Nawaz Sharif looks set to lead Pakistan; US and South Korea conduct joint naval exercise, provoke North Korea; Chinese authorities investigate corruption charges against top economic planning official; Taliban to release Turkish hostages; Cameron and Obama to meet; and more
Top of the Agenda: Sharif on Course for Pakistan Victory
Nawaz Sharif and his Pakistan Muslim League appear set to secure a majority in Pakistan's parliament and form the next government (BBC) after his victory in Saturday's election. He has reportedly opened talks with independents to ensure a majority. Sharif's main opponent, Imran Khan, says his party will investigate charges of vote-rigging.
"[T]hose who heeded the call to vote for Pakistan were casting ballots in favor of democracy itself. Rising above political, ethnic, linguistic and sectarian differences, many--especially the young, the urban, the middle-class, the first-timers--were voting for the continuity of civilian rule in a country plagued by military dictatorships, and for a chance to renegotiate the elite political bargain in a way to make the public genuine stakeholders," writes Huma Yusuf for Dawn.
"Sharif is no stranger to Washington, and by all accounts, the Pakistan Muslim League-Nawaz (PMLN) leader knows how to hold a grudge. The years of generous U.S. support to the Musharraf regime that sent him packing are bound to rankle. Time, along with a changed administration in the White House, may have started to heal that wound, but Sharif would return to power with little trust or affection for the United States," writes CFR's Daniel Markey.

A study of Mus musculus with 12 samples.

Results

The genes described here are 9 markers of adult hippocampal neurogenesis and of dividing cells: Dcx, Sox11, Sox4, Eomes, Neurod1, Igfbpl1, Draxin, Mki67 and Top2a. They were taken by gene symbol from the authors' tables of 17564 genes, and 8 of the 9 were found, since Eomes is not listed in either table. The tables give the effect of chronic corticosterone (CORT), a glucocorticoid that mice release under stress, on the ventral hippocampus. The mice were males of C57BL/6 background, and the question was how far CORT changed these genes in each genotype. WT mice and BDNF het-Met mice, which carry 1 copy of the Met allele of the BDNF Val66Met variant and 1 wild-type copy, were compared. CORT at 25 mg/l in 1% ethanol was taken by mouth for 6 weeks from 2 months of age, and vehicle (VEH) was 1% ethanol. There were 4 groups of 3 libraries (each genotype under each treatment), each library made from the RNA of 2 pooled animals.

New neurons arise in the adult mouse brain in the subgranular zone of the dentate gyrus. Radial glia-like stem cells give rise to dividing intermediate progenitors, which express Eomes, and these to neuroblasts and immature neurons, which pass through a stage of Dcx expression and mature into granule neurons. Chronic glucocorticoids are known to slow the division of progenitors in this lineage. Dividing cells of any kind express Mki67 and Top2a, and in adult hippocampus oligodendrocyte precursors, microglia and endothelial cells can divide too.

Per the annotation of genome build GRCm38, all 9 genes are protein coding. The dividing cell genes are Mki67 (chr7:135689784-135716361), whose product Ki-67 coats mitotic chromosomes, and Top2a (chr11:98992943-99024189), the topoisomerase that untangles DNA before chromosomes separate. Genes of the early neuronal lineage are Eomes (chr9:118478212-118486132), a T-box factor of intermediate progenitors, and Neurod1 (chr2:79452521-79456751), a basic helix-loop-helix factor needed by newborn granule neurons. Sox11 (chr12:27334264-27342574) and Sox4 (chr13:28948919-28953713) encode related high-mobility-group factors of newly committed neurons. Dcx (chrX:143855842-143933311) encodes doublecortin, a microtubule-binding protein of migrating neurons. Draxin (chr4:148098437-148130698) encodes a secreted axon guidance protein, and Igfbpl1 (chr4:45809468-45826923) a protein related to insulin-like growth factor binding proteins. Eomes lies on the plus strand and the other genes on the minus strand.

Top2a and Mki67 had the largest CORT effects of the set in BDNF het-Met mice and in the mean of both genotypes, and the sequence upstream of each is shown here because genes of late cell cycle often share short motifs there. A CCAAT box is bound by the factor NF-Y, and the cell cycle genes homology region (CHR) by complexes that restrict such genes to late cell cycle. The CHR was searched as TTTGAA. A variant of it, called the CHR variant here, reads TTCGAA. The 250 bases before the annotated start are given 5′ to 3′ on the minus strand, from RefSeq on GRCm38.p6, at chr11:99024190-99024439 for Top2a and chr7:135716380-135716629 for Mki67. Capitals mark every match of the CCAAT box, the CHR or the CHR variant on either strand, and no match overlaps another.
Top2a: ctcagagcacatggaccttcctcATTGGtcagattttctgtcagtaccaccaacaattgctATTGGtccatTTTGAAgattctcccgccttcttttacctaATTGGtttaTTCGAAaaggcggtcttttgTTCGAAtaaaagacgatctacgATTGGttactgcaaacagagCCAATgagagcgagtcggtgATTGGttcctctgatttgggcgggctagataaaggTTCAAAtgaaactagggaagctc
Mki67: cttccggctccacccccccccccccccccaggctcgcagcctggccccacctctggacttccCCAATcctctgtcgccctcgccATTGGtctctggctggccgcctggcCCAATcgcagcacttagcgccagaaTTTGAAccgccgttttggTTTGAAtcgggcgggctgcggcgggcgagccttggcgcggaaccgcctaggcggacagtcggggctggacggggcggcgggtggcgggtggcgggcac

"Mr Sharif was deposed in a coup in 1999, having earlier been swept to power in an emphatic (though partly rigged) election swing. After fourteen years away, how he manages his relationship with the army will be crucial for Pakistan's stability. Few expect an outright confrontation, but if Mr. Sharif loses his moral authority--he was the subject of widespread and convincing allegations of corruption during previous rule--the army (or courts) may quickly feel empowered against him," says the Economist.
U.S., South Korea Conduct Naval Exercise
The aircraft carrier USS Nimitz (Stripes) headed into the Sea of Japan to participate in a joint two-day naval exercise with the South Korean navy, which North Korea called, "a grave military provocation to unleash a nuclear war."
CHINA: Chinese authorities launched an investigation into corruption charges (AP) against the vice-chairman of the country's economic planning agency, Liu Tienan, made by a prominent journalist. The probe is seen as a target of the new leadership's anti-graft drive.
President Obama and South Korean President Park should even more closely coordinate efforts to change the North Korean leadership's calculus, writes CFR's Scott A. Snyder.
Taliban to release Turkish hostages
Cameron and Obama to meet
This is an excerpt of the CFR.org Daily News Brief. The full version is available on CFR.org.